But Love must be sincere. Hate what is evil; cling to what is good. Be devoted to one another in love. Honour one another above yourselves. Never be lacking in zeal, but keep your spiritual fervour, serving the Lord. Be joyful in hope, patient in affliction, faithful in prayer. Share with the Lord’s people who are in need. Practice hospitality.
Bless those who persecute you; bless and do not curse. Rejoice with those who rejoice; mourn with those who mourn. Live in harmony with one another. Do not be proud, but be willing to associate with people of low position. Do not be conceited.
Do not repay anyone evil for evil. Be careful to do what is right in the eyes of everyone. If it is possible, as far as it depends on you, live at peace with everyone. Do not take revenge, my dear friends, but leave room for God’s wrath, for it is written: “It is mine to avenge; I will repay,” says the Lord. On the contrary:
“If your enemy is hungry, feed him;
if he is thirsty, give him something to drink.
In doing this, you will heap burning coals on his head.”
Do not be overcome by evil, but overcome evil with good.
Viewed from one point of view there is little to be joyful about. The conflict in Ukraine appears to have no short-term solution with the result that there will be much more death and destruction for no good purpose. There is in relation to this, ‘affliction’ for those in the West who are not directly involved, as the financial consequences of someone else’s war impact our cost of living, which was rising at an exponential rate anyway. The predictions of the cost of fuel on into the year give many, nightmares about having to choose between keeping warm and eating and while the Ukrainian war grabs the headlines and the behaviour of our Government during lockdown is still just below the surface. Covid is rampant again, albeit less serious in most cases, and particularly among the over 50’s and realistically in the not too distant future the of Her Majesty Queen Elizabeth II will come to an end as like everyone else she dies.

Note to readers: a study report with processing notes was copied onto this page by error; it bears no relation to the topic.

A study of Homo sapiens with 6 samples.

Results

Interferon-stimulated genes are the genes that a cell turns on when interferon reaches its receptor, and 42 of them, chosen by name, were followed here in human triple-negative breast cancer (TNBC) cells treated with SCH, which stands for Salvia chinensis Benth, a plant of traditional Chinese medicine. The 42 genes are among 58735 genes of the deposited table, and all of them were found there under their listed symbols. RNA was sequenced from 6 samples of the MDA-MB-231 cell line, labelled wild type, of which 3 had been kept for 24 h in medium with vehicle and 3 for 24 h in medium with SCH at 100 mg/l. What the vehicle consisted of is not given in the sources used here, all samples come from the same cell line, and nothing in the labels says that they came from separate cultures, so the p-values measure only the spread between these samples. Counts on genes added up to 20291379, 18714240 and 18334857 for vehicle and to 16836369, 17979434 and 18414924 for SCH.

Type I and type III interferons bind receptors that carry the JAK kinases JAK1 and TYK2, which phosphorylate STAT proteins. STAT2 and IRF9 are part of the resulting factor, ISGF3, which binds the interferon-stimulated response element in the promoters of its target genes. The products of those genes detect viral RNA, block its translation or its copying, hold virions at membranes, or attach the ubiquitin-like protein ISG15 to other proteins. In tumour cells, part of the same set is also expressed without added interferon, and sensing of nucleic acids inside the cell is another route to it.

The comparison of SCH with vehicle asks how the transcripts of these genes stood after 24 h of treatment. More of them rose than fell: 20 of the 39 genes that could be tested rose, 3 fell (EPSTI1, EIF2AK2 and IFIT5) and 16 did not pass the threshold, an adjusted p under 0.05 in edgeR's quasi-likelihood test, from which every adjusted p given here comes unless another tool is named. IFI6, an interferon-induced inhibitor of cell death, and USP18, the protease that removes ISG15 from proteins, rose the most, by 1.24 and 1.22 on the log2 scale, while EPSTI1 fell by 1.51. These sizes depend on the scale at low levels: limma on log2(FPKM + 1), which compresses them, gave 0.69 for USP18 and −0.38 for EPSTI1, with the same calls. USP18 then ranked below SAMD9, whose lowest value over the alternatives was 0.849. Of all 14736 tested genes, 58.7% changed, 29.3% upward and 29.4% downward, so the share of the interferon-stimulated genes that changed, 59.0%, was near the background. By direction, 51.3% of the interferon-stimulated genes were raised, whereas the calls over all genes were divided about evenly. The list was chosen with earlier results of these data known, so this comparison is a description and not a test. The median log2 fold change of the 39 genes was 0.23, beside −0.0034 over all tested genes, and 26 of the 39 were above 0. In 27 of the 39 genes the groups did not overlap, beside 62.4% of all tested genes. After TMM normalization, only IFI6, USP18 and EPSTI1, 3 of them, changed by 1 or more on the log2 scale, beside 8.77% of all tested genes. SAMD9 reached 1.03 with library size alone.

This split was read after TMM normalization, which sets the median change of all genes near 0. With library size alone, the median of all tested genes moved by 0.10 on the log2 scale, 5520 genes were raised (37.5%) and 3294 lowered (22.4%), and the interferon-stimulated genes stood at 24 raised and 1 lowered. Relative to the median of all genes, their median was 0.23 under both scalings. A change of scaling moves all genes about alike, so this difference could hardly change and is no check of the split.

What is there to be joyful about? How do we handle the affliction that is at the door or already inside? What, we may be tempted to ask, is the point of prayer?
When Paul penned his letter to the Church in Rome exactly the same questions are likely to have been on the lips of the church members as they grappled with the same issues that we face today although created by different circumstances.
They are questions that they had to face as we do also, so let’s be sure our ears are open to the Holy Spirit’s challenge through Paul.
Be Joyful in Hope
‘We have a hope which is steadfast and certain’ run the words of the well-known hymn. A hope which is rooted and grounded in the death and resurrection of the Lord Jesus Christ.
The well-known words of Jesus recorded by John in chapter 14 of his gospel ‘Do not let your hearts be troubled. Trust in God; trust also in me’ hold true for every age, for they are rooted in the fact of the resurrection and thus lift our eyes, our hearts and our minds above the brokenness of this world. So in all the mess we can have joy, a joy which because we are human, is tempered as we see the suffering which our fellow men undergo but a joy which is rooted in the eternal rather than in the temporal and is available to all.
Patient in Affliction
The affliction of the Ukrainian people has been humbling to watch as they have suffered so greatly. Many of them, but not all, will be believers and patience in suffering is not something restricted to believers but we as believers do well to show that our hope is such that we can be patient when things are trough for:
We know that in all things God works for the good of those who love him, who have been called according to his purpose. Romans 8.28
As things look likely to be some of the most challenging in our lifetimes how we react will be a powerful witness to the power of the risen Saviour in our lives.
Faithful in Prayer
One of the great blessings of prayer is the freedom we have to ‘Cast all our anxiety upon God for he cares for us. 1 Peter 5.7 and anxieties we most surely have. As we acknowledge this, do we become weighed down with the cares of the world because we try to shoulder them ourselves, or do we take God at his word and in so doing find that the joy and patience noted above are realistic experiences? At our Partner’s Meeting this week we were challenged to pray more! If we don’t respond to this challenge we fail to draw on the resources that make living as True Christians possible and a patient joy.